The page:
I now direct your attention to the curious case of Paul Ceglia, who filed suit on June 30th in New York state Supreme Court against Mark Zuckerberg and Facebook, asking to be awarded 84% of Facebook. Ceglia submitted a copy of an agreement that he claimed he entered into in 2003 that required Zuckerberg to create a website for Ceglia's company. Tied together with that project was an agreement for Zuckerberg to sell Ceglia a 50% interest in "The Face Book". Ceglia paid Zuckerberg $1,000. In addition, a clause in the contract required Zuckerberg to give up an additional 1% ownership for every day after January 1, 2004 that "The Face Book" didn't go live. The website, at thefacebook.com, finally went live on February 4, 2004, and Ceglia claims that due to the delay, he's owed an additional 34% of the company. The entire lawsuit, including the contract, is viewable at Scribd.
Ceglia has his own problems; he's under investigation in New York state for fraud relating to his wood pellets business. Ceglia waited more than six years to file his lawsuit, and it was filed in a New York state court, not U.S. Federal court. The contract itself is a mess (I'm not an attorney, but I've read a few business contracts in my day, and this one could be an example of "Ten things not to do in a contract.") The easy conclusion would be that Ceglia had faked the contract, faked Zuckerberg's signature, or otherwise engaged in some kind of fraud. However, that's not what appears to have happened.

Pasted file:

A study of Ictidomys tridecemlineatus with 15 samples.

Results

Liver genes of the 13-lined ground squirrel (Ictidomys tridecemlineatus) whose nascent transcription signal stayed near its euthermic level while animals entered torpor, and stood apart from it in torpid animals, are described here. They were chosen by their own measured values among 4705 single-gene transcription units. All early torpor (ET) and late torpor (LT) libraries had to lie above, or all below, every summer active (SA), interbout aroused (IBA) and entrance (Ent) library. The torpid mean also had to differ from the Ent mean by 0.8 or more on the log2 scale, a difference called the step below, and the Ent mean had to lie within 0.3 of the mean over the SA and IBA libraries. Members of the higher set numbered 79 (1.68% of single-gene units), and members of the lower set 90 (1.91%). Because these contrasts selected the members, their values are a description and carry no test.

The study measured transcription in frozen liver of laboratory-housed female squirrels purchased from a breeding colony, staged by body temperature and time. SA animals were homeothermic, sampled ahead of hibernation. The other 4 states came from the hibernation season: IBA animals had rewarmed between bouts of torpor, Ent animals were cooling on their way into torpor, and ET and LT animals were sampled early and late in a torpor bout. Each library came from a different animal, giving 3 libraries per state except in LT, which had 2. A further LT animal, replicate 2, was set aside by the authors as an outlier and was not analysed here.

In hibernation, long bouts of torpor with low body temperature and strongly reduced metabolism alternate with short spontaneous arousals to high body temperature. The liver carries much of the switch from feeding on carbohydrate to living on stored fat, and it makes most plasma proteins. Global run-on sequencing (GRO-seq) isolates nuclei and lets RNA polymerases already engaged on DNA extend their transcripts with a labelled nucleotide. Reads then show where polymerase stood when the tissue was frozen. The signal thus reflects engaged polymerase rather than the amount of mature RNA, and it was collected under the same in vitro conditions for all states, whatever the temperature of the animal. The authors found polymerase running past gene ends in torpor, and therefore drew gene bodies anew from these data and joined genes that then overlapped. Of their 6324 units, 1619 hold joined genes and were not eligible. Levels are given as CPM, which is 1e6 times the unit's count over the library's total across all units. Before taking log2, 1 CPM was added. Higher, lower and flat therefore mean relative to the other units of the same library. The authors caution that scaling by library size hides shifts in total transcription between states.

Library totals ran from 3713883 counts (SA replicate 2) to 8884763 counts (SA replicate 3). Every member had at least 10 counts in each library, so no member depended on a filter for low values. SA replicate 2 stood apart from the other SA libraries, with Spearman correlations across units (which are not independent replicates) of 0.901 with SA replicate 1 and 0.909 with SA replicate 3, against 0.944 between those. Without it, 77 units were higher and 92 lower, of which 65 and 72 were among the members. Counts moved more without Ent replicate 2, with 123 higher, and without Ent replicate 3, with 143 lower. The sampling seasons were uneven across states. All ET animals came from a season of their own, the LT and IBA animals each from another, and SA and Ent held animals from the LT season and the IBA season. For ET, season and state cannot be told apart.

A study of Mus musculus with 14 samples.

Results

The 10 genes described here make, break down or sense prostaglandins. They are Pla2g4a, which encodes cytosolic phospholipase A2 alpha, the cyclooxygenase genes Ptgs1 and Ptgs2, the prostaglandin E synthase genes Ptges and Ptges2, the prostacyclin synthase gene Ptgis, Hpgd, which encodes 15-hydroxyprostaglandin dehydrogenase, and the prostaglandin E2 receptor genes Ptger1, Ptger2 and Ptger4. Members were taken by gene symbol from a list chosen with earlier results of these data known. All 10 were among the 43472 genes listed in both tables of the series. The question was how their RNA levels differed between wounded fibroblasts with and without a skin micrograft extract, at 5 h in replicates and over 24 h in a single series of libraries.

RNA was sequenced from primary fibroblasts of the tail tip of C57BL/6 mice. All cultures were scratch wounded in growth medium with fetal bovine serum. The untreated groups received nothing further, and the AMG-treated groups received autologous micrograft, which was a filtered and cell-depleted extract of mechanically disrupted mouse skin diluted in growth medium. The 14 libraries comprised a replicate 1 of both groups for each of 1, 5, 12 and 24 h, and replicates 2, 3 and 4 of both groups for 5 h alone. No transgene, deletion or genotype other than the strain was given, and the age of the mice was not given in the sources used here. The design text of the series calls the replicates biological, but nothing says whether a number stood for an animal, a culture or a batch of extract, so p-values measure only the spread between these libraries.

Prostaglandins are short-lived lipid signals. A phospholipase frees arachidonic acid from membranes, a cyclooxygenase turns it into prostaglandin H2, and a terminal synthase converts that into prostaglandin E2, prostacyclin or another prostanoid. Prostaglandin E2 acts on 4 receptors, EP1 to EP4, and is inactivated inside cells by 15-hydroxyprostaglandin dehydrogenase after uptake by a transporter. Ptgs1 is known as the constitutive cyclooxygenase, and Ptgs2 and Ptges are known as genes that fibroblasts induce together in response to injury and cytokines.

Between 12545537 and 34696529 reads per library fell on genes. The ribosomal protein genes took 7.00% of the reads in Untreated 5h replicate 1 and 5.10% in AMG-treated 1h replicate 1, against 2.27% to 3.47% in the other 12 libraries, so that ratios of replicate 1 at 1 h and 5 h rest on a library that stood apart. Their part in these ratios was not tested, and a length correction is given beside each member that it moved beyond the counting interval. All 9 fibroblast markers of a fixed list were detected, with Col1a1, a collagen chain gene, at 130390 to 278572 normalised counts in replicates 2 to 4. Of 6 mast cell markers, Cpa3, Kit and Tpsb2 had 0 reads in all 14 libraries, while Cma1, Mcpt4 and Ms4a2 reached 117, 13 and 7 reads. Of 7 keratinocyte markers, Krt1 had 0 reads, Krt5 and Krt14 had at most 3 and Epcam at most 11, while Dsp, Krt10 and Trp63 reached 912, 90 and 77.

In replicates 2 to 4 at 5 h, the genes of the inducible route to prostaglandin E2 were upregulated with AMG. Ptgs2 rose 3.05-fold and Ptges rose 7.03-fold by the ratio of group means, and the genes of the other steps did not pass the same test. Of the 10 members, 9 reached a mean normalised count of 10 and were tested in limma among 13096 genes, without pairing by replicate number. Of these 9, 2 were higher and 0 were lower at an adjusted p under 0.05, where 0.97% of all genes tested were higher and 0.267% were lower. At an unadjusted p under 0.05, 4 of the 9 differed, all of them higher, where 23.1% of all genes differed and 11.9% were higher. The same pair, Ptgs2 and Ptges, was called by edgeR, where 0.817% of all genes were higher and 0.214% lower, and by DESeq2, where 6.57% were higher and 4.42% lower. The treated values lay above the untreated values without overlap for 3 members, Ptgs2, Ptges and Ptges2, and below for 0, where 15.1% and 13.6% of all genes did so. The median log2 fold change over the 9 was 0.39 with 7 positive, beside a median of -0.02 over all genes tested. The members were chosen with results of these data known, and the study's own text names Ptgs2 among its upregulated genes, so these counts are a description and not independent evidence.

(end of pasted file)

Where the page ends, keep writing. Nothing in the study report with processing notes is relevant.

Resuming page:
Neither Facebook nor Zuckerberg's attorney have come out and said that the contract is a fake. When asked directly by the U.S. Federal Court judge who's taken over the case if Zuckerberg actually signed the contract, his lawyer said "Whether he signed this piece of paper, we’re unsure at this moment." That's a pretty startling statement by defense counsel. If Zuckerberg didn't enter into the contract, his statement to his counsel would be a straightforward "No", and that's what his attorney would have told the judge. However, it appears that Zuckerberg and Facebook are hoping that Ceglia can't produce an original copy of the contract. If not, and all that Ceglia can provide is a facsimile, it makes the case for the authenticity of the contract much weaker. In essence, what Zuckerberg's lawyer said is that they don't know if he signed that particular piece of paper, not that he signed a contract in general. In fact, Zuckerberg's attorney has admitted that Zuckerberg entered into a contract with Ceglia to build a separate website for him.
Facebook and Zuckerberg's counsel are also arguing that the statute of limitations has already run out on any claim that Ceglia could make. In addition, given the enormous amount of publicity that Facebook has had over the years, and the publicity that sales of equity holdings in Facebook have had, Ceglia had an obligation to take action to protect his interests and mitigate losses of other investors.
There's a good chance that Facebook and Zuckerberg will prevail on their arguments, even if Zuckerberg did enter into the contract...but if did he enter into the contract, why? Facebook has already had to pay a $65 million settlement to the Winklevoss brothers, who originally contracted with Zuckerberg to create the website that eventually became Facebook. If Paul Ceglia's contract is shown to be authentic, even if it can't be enforced, Zuckerberg sold him 50% of Facebook for $1,000. Why was Zuckerberg apparently selling Facebook to everyone he could find? It sounds like the plot from "The Producers"; perhaps he thought that "The Face Book" would fail, and he'd keep everyone's money, or perhaps he desperately needed the money for some reason.
In any event, would you like to have this man running your $20 billion dollar valuation business?